Biden signs NATO membership protocols for Finland and Sweden

·2 min read
Susan Walsh/AP Photo

President Joe Biden on Tuesday signed NATO accession protocols for Finland and Sweden, moving the defense alliance closer to adding two wealthy, militarily advanced members amid Russia’s ongoing assault on Ukraine.

Biden’s approval followed overwhelming support from both chambers of Congress earlier this summer, with the Senate ratifying the agreement last week. Efforts to welcome the two Nordic countries to the treaty have received bipartisan support, with Senate Minority Leader Mitch McConnell last week calling their admission a “slam dunk” for national security.

Finland and Sweden have skirted military alliances in the past, but quickly moved to apply for NATO membership in May, a few months after Russian forces invaded Ukraine. NATO ambassadors ratified the accession protocols in July, and member states are currently in the process of doing the same.

“Together with our allies and partners, we’re going to write the future we want to see, and in a moment when Putin’s Russia has shattered peace and security in Europe — when autocrats are challenging the very foundations of a rule-based order — the strength of the transatlantic alliance and America’s commitment to NATO is more important than it’s ever been,” Biden said before signing the protocols in the East Room on Tuesday afternoon.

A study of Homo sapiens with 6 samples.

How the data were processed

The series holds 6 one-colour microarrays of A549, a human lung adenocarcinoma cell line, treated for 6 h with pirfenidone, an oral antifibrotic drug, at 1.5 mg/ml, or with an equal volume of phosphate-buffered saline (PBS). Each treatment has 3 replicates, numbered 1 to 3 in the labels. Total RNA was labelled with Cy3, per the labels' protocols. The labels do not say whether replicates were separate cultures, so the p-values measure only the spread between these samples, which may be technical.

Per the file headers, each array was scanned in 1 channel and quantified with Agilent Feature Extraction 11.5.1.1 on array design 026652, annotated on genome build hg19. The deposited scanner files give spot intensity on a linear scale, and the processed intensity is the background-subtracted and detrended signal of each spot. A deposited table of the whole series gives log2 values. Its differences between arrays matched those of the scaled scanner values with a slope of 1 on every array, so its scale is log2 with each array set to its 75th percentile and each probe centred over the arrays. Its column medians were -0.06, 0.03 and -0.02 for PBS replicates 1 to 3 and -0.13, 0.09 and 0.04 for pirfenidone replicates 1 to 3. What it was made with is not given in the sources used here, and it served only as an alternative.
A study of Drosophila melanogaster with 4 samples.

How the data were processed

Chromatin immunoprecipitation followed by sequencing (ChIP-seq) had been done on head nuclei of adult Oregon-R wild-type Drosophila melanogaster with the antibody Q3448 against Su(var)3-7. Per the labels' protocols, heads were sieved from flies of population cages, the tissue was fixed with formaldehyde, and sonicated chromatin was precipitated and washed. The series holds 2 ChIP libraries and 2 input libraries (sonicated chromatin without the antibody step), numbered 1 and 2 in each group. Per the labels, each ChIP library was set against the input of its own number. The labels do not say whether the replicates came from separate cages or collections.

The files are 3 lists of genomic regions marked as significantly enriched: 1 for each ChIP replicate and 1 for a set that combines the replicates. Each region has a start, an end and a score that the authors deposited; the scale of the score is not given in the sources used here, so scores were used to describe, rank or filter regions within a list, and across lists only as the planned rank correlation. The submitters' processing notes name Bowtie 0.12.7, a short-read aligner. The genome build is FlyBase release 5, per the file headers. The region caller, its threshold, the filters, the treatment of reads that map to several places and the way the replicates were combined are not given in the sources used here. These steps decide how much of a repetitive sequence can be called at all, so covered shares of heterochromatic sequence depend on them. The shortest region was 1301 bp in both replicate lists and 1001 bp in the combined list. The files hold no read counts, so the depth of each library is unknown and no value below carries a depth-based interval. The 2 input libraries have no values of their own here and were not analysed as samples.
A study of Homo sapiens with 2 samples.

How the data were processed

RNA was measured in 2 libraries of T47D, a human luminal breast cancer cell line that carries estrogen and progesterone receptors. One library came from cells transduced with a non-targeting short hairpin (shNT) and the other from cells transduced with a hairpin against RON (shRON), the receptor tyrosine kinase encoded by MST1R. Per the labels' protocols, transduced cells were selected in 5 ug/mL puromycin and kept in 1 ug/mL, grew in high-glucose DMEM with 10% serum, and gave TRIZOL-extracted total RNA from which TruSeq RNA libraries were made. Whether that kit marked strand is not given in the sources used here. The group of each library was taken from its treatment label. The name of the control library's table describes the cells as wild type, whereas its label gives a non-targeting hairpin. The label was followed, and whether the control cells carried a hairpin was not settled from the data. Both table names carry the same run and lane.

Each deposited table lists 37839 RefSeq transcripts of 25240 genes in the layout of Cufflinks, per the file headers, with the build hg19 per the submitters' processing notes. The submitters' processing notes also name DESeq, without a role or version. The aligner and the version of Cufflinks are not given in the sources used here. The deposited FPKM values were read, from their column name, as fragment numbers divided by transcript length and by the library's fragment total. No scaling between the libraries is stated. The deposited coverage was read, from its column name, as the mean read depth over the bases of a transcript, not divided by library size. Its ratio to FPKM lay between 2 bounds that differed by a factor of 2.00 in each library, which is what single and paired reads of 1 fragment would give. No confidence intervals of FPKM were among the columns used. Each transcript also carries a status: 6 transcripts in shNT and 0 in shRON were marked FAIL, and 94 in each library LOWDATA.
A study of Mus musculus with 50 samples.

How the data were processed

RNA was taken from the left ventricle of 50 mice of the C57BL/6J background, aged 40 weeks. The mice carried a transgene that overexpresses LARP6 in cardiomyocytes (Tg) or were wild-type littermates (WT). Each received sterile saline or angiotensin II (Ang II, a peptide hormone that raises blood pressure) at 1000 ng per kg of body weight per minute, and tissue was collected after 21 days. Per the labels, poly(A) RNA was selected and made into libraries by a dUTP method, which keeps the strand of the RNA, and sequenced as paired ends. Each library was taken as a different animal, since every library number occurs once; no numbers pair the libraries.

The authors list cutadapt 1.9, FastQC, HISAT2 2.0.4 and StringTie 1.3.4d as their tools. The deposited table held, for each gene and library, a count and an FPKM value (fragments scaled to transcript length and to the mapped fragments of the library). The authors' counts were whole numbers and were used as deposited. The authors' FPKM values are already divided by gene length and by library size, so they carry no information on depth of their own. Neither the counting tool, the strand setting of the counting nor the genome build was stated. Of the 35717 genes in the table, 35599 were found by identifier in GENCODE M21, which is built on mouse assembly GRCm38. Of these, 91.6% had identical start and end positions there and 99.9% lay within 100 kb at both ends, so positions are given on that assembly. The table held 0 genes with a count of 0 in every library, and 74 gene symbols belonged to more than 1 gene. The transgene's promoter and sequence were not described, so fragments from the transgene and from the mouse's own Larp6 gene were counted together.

Russian President Vladimir Putin has been staunchly opposed to any NATO expansion, calling it an imperialistic threat. But analysts say that the war in Ukraine has had the unintended consequence of strengthening the alliance amid fears that Russia could attack other nearby countries. Finland shares an 800-mile border with Russia.

“Putin thought he could break us apart when this all started,” Biden said. “Instead, he’s getting exactly what he did not want.”

Any European country may join NATO as long as it demonstrates that it can meet membership obligations such as military and economic contributions. That includes putting at least 2 percent of its GDP toward national defense and agreeing to NATO’s collective defense rule, a mechanism that requires members to come to one another’s defense in the event of an attack.

Finland and Sweden are slated to become NATO’s 31st and 32nd member states. The most recent NATO enlargement came in March 2020, when North Macedonia joined the group. Bosnia and Herzegovina, Georgia and Ukraine have also stated their interest in joining.